Glen Carbon, IL
100Mbps symmetrical for $50/mo.?
What I, indeed, have to wonder are a few things:
- Artificial Caps. What are the numbers, if any? This isn't to be confused with technical limits, like a T1 really can only transfer 487GB in a month (full saturation 24/7).
- Reliability. How reliable is such a connection? If it's down half the time then I don't care how fast it is.
- Contracts. What it says. Annual contracts, or month-to-month?
- Equipment. Can you get the equipment when you sign up, or do you have to buy your own? If the latter, what does the equipment cost?
- Availability. Can anyone with the money get this? Or are there geographical limits? For example, FIOS sounds cool, and the rates would even be affordable for me. But I don't care, because I can't get it. The only alternative for similar speed service would be a T3 line, although at least I'd get an awesome SLA.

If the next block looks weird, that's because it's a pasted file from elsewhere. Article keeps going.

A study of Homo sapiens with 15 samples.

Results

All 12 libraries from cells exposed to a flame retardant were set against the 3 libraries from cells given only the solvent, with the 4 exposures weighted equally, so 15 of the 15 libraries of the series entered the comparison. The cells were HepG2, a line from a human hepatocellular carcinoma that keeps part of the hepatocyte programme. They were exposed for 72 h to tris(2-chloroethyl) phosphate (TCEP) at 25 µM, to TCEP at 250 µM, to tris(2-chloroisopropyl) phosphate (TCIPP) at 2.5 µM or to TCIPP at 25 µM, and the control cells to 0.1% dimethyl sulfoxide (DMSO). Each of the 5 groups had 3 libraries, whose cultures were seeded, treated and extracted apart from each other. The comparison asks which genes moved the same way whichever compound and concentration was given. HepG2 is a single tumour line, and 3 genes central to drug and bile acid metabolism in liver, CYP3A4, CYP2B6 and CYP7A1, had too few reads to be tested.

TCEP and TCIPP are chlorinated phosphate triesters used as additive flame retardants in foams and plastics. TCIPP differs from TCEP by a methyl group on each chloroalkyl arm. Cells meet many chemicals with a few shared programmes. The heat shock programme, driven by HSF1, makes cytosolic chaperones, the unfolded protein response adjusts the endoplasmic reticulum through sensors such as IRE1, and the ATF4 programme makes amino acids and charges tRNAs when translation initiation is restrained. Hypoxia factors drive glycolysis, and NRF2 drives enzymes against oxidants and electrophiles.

NOTE: I did read the article. It talks about Hong Kong. What I mean is, can anyone there get the service?
- Restrictions. Are there limits to what you can do? Can I attach a Linux box, make it into an FTP server, and start sharing files? Can I run a website from said box?
- Government Intervention. What did the government do, if anything? I don't buy the argument "But it's a smaller foot-print." The reason I don't is because then all the major metro areas in this country would have such services available. It's why rural areas were the last to get phone service back in the day, and why people even as late as the 1940s used outhouses, again in rural areas.
There's a lot more to an Internet connection than simply speed and the monthly spend.
As far as rural areas, sometimes I wonder if there's any hope. I'm hoping fiber will be the answer, because I remember from a class I took once that the fiber itself is a cheap medium, although the connectors and equipment aren't so cheap. And that fiber can also cover longer distances. It's not like plumbing, where even to this day houses in the middle of nowhere aren't attached to city-wide plumbing. At least alternatives such as water-pumps/wells and septic tanks exist. With Internet access, there's no way around the "line," and the fact it needs to be built out there.